New Tool Could Drastically Cut Risk of Cervical, Other HPV-driven Cancers
In 2006, the FDA approved a vaccine against strains of the human papillomavirus (HPV) that cause most cervical cancers. The vaccine, known as Gardasil, proved effective at stopping infection with the these two cancer-causing virus strains (HPV16 and HPV18). A similar vaccine, Cervarix, was approved soon after. The vaccines were initially approved only for use in young women and girls. But as research linked HPV to a host of other cancers – including those of the head, neck and anus – vaccination soon became recommended for young men and boys as well.
Today, cervical cancer is considered one of the most preventable cancers, in part because of this advance. Yet the potential impact of the vaccine and other prevention tools, including Pap tests, is far from being realized: every year, thousands of women in the prime of their lives are diagnosed with cervical cancer, and the disease remains one of the top cancer killers among women worldwide.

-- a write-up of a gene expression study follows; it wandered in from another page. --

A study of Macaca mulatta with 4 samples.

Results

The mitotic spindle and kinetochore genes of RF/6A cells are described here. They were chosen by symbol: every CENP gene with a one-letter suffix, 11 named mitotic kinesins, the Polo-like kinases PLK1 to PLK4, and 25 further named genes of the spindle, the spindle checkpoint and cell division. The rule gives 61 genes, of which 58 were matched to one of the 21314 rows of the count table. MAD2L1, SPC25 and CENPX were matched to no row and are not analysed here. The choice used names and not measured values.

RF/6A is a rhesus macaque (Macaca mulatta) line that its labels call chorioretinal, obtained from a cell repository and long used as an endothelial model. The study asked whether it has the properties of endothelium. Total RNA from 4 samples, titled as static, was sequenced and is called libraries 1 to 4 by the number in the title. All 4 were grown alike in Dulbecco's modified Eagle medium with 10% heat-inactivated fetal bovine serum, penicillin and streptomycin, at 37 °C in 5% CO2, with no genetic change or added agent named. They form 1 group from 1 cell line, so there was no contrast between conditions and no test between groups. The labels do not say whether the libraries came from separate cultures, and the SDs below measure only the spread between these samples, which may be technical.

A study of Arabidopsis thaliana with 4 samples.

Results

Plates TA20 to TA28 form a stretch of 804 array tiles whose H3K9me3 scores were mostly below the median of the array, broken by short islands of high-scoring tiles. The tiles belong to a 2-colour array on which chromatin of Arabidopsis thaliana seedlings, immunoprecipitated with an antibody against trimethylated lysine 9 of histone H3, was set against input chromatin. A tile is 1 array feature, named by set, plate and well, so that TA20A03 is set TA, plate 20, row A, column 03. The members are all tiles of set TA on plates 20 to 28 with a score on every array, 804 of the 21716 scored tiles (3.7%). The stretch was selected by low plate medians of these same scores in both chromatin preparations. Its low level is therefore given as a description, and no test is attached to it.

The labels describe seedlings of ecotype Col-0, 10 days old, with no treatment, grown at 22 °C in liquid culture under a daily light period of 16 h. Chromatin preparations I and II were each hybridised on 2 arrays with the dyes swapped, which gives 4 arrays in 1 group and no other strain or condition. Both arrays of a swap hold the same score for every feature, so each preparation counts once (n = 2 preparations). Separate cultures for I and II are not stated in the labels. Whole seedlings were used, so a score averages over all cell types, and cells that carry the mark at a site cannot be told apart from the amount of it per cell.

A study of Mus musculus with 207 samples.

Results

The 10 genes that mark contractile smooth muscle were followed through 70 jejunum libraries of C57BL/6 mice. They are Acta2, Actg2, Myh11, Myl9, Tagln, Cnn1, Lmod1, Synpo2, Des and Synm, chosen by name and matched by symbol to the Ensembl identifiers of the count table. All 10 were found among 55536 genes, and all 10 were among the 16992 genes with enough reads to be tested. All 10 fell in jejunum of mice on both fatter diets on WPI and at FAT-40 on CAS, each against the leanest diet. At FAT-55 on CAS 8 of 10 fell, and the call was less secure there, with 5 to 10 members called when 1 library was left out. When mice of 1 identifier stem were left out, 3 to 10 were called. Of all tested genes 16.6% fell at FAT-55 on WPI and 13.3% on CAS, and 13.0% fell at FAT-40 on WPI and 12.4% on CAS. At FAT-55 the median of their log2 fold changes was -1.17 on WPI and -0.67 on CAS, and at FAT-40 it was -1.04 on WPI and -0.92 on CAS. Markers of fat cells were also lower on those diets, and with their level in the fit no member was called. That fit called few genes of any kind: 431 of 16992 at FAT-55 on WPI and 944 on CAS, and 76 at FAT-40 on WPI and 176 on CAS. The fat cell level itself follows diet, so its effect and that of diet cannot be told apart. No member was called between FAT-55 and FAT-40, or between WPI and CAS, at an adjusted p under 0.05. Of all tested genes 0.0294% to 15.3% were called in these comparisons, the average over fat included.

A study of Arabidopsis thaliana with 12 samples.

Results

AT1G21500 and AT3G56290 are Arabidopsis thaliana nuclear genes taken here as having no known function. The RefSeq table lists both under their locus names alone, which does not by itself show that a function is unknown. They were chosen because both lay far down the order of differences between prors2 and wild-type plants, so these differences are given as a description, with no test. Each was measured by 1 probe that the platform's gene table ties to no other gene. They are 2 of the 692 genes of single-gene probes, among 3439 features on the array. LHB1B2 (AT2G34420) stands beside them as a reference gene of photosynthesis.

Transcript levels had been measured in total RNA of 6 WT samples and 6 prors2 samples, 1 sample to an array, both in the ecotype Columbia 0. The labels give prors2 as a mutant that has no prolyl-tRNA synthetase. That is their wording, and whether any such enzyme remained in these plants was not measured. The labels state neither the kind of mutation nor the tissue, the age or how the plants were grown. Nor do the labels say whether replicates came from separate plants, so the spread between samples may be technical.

Recent research shows that in United States alone, almost half of young women and nearly two-thirds of young men remain unvaccinated.1 In developing countries, where most cervical cancer deaths occur, even greater efforts are needed to ensure access to this and other simple, life-saving prevention tools.
“This advance – if broadly adopted – could lead to the total eradication of cervical cancer globally as well as reduce or eliminate the growing numbers of esophageal and anal cancers. Millions could be saved.”
“If vaccine dissemination occurs, particularly in third world nations, the discovery that cervical cancer is primarily a viral-borne disease will be a life-saving finding for millions.”
“Prevention is the optimal advance!”
“This particular approach may be unique to virus-associated cancers, but the paradigm shift toward prevention is crucial for long-term gains in life span and quality of life.”